IMF deal critical for Egypt, say economists
Egypt needs a quick agreement with the International Monetary Fund in order to avert a currency crisis after the depletion of more than half its foreign currency reserves, economists and analysts say.
Reserves plunged to $16.4bn at the end of January, a drop of 53 per cent over the same time last year, leaving the country with only 3.1 months of import cover, barely above the critical level of three months.
Political turmoil since the popular uprising which ousted Hosni Mubarak as president last February has severely impaired the economy, sending tourists and investors fleeing and depriving the country of crucial sources of foreign revenue.
So far the central bank has been able to ward off a significant drop in the value of the Egyptian pound, which has declined by less than 4 per cent against the dollar, but interventions to defend the currency have contributed to the erosion to reserves.
Having turned down an IMF loan last year after the country’s ruling military council said it did not want to leave a legacy of debt, Egypt returned to the IMF last month. It is now discussing a $3.2bn facility over 18 months.
“It’s very serious,” said Mohamed Abu Basha, economist at EFG-Hermes, the regional investment bank. “A deal with the IMF is the main hope to avoid a strong weakening of the pound. If there is a deal it will be more like controlled weakening or a depreciation and not a10-20 per cent devaluation.”
Egypt shed $1.7bn of its reserves in January as it serviced its Paris Club debt and met interest payments due on global notes issued in 2007 – both of which are obligations which have to be met twice a year, in January and June. Foreigners exiting the treasury bill market also accounted for $625m in transfers, according to a note by Beltone Financial, an investment bank.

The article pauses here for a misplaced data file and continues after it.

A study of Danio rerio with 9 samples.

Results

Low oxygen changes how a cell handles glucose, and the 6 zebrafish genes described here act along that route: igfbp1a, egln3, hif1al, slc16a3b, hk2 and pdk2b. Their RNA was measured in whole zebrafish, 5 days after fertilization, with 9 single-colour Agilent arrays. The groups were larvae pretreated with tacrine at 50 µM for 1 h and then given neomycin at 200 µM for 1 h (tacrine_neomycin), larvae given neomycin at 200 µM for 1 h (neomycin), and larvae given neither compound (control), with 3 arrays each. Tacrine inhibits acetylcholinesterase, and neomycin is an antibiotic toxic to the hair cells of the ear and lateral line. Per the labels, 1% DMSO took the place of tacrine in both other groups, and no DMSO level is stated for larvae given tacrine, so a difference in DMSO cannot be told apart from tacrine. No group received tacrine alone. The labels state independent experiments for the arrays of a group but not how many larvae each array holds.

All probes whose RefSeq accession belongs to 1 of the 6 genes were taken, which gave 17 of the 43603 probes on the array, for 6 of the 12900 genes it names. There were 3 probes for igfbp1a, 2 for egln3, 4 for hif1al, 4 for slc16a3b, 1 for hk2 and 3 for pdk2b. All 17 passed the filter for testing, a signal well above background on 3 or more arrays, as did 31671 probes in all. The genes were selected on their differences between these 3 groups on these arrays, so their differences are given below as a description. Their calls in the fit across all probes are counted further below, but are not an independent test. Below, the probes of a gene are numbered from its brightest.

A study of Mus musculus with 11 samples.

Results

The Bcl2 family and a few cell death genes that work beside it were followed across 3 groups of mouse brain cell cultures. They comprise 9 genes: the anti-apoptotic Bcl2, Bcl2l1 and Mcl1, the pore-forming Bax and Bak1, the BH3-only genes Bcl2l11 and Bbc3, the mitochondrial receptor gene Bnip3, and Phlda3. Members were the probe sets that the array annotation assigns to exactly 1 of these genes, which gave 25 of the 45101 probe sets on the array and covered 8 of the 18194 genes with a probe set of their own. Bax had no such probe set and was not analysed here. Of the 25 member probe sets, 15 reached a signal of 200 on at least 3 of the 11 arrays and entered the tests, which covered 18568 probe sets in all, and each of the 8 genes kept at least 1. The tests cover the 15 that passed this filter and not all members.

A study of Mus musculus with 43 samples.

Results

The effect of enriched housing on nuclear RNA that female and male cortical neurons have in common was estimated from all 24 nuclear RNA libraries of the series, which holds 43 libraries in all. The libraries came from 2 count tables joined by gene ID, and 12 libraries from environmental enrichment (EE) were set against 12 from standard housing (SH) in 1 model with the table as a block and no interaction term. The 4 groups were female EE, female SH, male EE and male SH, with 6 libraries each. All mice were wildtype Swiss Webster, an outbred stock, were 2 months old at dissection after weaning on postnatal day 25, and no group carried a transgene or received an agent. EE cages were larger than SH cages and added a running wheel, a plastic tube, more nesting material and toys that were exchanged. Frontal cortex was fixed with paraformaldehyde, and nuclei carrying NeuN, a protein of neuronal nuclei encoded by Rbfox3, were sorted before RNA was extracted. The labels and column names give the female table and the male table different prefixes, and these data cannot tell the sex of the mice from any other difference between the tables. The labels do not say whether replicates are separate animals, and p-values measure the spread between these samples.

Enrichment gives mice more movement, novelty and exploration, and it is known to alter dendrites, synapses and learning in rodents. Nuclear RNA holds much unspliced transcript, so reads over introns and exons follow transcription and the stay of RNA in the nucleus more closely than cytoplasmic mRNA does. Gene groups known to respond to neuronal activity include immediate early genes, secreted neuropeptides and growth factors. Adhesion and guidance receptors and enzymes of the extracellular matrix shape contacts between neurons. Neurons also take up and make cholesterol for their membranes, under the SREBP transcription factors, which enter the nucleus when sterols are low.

“As the level of reserves deteriorates it will make it much harder for the central bank to sustain its exchange rate stance of defending the pound,” said Alia Moubayed, senior economist at Barclay’s Capital. “An IMF deal is very critical. It will help only to the extent that it is accompanied by a strong programme of economic and fiscal reform to gain the credibility of investors locally and internationally.”
The deal was needed “yesterday”, she said.
Once sealed, an IMF agreement should help Egypt obtain credit from other donors, including from oil-rich Arab neighbours in the Gulf. Momtaz Saieed, the finance minister, said in remarks reported over the weekend that Egypt needed funding of $11bn to support reforms in the next “few years”.
“An IMF deal will not in itself be enough, it will have to encourage a huge amount of inflows from public and private donors,” said Farouk Soussa, chief Middle East economist at Citi.
He said, however, that Egypt was still “far away” from a deal because assurances that the country would adhere to an economic programme would need the support of various political actors, from the ruling military council to the Islamist parties which dominate parliament.
He pointed to the recent government campaign against NGOs which resulted in the launch of criminal proceedings against 43 workers in civil groups, including 19 US citizens.
“It means the political environment is increasingly unpredictable,” he said. “I think the IMF will be less enthusiastic about lending.”
Robert Zoellick, the World Bank chief was quoted as saying last week that he expected “tensions” in negotiations with Egypt about financial support. Cairo has asked the bank for $1bn in budget support.
“If we do provide initial financial support to the government in general, we will want … to make sure it’s transparent, that it relates to some of the changes that people were calling for, or a broader social accountability, and there’ll be tensions with that,” said Mr Zoellick.
Negotiations over a World Bank loan to Egypt foundered last year over demands for transparency.